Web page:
Release Date: 01/10/2000
|(#00009) New York, NY -- The U.S. Environmental Protection Agency, the U.S. Army Corps of Engineers, the U.S. Maritime Administration, the U.S. Coast Guard and several other state and local agencies have signed a historic agreement, setting the course for a greener and economically vital future for the Port of New York and New Jersey. Several key resource and regulatory agencies, including the Port Authority of New York and New Jersey, New Jersey Maritime Resources, the Empire State Development Corporation and the New York City Economic Development Corporation signed the agreement, formalized in a Memorandum of Understanding, which calls for the development of a Comprehensive Port Improvement Plan (CPIP), and an accompanying environmental impact statement (CPIP-EIS). The CPIP will act as a master plan for the expansion of the Port in an environmentally protective manner. This agreement is also the first in the country to bring together this many federal, state and local agencies to prepare a long-term port improvement plan that puts environmental protection at the forefront. One major goal of the CPIP will be to apply "green port" planning principles to the Port, focusing on limiting potential environmental impacts, such as runoff and air pollution from truck traffic, as well as protecting the harbor's aquatic resources.
"The CPIP will lay out a course for preserving the Harbor as a vital natural resource, while keeping the Port economy healthy," said William J. Muszynski, EPA Deputy Regional Administrator. "It will ensure that the Port's surrounding communities will enjoy the benefits of clean air, water and a healthy environment in the future. Working together we can assure that our Harbor continues to be recognized internationally as both a world class port and a rich, productive ecosystem."
Army Corps of Engineers New York District Engineer Col. William H. Pearce said, "The purpose of the process set up by the CPIP Memorandum of Understanding is to ensure that investigation of the environmental impacts of one terminal's development does not take place without consideration of the plans for developing other terminals. The CPIP also ensures that coordination and sharing of information amongst the various regulatory agencies takes place so that the long-term economic and environmental aspects of the Port are effectively addressed."
Another central goal of the CPIP will be to coordinate the many ongoing Port-related studies and plans that have been or are currently being prepared by the agencies that are part of this new cooperative process. These ongoing projects include the New York/New Jersey Harbor Comprehensive Conservation and Management Plan, developed through EPA's National Estuary Program; the New York and New Jersey Harbor Navigation Study, which is the U.S. Army Corps of Engineers' analysis of the future need for deeper channels to accommodate the larger container vessels joining the international fleet; the Strategic Port Investment Analysis, a study undertaken by the Port Authority, in cooperation with the states of New York and New Jersey, to determine what investments are needed in marine terminals and related infrastructure to maintain and expand the Port's future share of the international cargo shipping market; and the Strategic Plan for Redevelopment of the Port of New York, prepared by the New York City Economic Development Corporation to identify a series of target investments to develop cargo terminals, as well as improve highway and rail access and public open space facilities. The CPIP will be the mechanism through which these and other Port-related plans will be comprehensively addressed.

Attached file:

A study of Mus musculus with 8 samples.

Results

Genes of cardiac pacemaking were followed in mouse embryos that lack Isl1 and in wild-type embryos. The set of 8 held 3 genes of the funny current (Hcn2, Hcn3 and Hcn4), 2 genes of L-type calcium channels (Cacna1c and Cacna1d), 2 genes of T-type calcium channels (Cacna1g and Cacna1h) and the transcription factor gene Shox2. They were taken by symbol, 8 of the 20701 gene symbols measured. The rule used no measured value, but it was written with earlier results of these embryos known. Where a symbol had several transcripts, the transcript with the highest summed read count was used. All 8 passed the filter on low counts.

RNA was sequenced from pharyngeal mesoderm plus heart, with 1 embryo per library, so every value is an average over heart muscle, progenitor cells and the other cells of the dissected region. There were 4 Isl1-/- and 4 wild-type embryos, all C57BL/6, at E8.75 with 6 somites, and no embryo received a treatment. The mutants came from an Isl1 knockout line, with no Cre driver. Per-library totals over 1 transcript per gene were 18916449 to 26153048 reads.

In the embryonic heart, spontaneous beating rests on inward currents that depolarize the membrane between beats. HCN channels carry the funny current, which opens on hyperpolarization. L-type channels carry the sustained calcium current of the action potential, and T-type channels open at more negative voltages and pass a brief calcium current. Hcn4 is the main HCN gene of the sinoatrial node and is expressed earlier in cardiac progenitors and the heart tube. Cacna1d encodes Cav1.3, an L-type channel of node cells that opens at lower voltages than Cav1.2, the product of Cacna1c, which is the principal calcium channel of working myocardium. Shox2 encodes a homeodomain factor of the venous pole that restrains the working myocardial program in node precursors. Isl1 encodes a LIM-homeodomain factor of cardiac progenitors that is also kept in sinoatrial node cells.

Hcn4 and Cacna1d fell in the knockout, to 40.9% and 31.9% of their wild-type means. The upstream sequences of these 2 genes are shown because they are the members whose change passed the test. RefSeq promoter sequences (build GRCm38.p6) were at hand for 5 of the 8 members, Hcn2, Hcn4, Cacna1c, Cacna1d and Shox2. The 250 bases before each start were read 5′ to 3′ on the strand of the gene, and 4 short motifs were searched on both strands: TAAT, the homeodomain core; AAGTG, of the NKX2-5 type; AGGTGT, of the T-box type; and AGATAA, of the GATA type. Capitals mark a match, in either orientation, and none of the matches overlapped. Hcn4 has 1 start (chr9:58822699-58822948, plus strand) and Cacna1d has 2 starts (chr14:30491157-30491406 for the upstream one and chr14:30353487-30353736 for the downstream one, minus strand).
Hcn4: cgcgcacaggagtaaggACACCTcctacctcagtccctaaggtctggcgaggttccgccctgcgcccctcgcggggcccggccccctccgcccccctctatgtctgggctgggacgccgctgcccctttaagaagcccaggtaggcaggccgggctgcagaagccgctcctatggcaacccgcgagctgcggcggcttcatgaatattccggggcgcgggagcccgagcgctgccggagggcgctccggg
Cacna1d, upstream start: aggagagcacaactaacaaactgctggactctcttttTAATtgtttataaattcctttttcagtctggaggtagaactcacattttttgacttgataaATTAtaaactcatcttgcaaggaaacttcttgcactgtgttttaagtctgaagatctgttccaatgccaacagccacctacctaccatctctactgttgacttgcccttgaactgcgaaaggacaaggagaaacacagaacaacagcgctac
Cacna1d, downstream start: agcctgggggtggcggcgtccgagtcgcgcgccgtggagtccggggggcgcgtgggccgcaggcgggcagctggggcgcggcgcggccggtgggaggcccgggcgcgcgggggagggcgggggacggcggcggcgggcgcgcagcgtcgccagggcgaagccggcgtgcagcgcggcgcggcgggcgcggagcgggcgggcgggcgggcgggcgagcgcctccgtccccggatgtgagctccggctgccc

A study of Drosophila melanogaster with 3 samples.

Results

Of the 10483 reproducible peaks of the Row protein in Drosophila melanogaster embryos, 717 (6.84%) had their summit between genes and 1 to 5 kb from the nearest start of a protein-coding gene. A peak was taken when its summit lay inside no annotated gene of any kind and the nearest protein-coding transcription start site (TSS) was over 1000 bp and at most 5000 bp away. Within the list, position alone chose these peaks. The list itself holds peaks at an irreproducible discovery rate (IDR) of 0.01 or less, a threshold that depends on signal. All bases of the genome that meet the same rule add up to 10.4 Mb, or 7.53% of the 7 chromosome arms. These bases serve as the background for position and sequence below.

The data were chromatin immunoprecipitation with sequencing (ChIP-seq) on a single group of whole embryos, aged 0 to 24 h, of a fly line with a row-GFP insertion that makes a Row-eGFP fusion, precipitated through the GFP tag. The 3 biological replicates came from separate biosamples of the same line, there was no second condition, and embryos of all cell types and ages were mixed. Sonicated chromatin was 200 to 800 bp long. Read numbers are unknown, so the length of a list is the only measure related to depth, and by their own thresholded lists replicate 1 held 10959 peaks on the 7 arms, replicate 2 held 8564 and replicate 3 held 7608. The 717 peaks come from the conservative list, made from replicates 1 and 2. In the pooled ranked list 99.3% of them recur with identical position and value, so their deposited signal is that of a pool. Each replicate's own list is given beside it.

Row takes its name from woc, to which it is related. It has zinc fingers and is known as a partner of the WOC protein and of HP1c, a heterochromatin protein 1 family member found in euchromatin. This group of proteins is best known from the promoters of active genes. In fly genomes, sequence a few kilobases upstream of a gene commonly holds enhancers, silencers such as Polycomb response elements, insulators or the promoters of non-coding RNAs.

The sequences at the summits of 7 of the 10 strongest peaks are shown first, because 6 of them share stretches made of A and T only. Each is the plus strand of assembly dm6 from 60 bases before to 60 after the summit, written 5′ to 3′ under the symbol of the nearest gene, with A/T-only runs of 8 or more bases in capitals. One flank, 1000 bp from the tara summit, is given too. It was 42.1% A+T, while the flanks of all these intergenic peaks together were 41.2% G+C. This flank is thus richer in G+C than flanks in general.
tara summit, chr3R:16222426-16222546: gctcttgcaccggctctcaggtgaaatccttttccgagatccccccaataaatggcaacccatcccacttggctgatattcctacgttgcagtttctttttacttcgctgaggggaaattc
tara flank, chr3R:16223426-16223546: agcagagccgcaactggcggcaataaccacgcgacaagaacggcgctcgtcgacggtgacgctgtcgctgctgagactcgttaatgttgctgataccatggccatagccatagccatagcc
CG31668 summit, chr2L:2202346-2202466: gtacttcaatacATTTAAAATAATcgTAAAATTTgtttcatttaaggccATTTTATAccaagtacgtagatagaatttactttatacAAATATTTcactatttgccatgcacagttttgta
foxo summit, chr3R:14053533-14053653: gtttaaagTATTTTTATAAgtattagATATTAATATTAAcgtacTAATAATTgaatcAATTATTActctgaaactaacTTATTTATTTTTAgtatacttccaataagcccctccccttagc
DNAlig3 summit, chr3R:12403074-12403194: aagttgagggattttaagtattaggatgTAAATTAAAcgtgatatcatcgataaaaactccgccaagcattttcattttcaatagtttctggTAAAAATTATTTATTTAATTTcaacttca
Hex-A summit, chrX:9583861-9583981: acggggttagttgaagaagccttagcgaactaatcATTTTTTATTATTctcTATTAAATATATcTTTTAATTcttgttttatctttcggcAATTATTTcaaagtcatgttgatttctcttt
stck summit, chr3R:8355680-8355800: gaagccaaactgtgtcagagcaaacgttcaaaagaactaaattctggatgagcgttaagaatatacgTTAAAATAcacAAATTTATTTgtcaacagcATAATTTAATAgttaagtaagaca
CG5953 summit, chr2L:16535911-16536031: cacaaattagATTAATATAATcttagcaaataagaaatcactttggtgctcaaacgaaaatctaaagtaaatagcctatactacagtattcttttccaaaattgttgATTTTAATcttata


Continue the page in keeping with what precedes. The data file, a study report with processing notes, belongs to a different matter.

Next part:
As a result of past industrial activities, the Port has suffered environmental degradation. Using the "green ports" approach, all potential environmental impacts from future port and nearby development will be considered, including brownfields redevelopment, minimizing truck traffic and idling, waterfront aesthetics and dredged material management.
The plan will be developed over the next three to five years, with public participation as an integral part of the process. A Stakeholder Committee will be formed to provide all interested parties an opportunity to provide input to and share information with the Steering and Management Committees overseeing the CPIP and CPIP-EIS.
Sixteen additional federal, state and local signatories have been listed on the agreement and encouraged to sign on as committed partners to this cooperative effort. The additional agencies are: the Federal Highway Administration, Federal Railroad Administration, U.S. Surface Transportation Board, Federal Transit Administration, U.S. Fish and Wildlife Service, National Oceanic and Atmospheric Administration, National Marine Fisheries Service, New Jersey Department of Environmental Protection, New Jersey Department of Transportation, New York State Department of Environmental Conservation, New York State Department of State, New York State Department of Transportation,
New York City Department of Environmental Protection, New York City Department of City Planning, North Jersey Transportation Planning Agency and the New York City Metropolitan Transportation Council.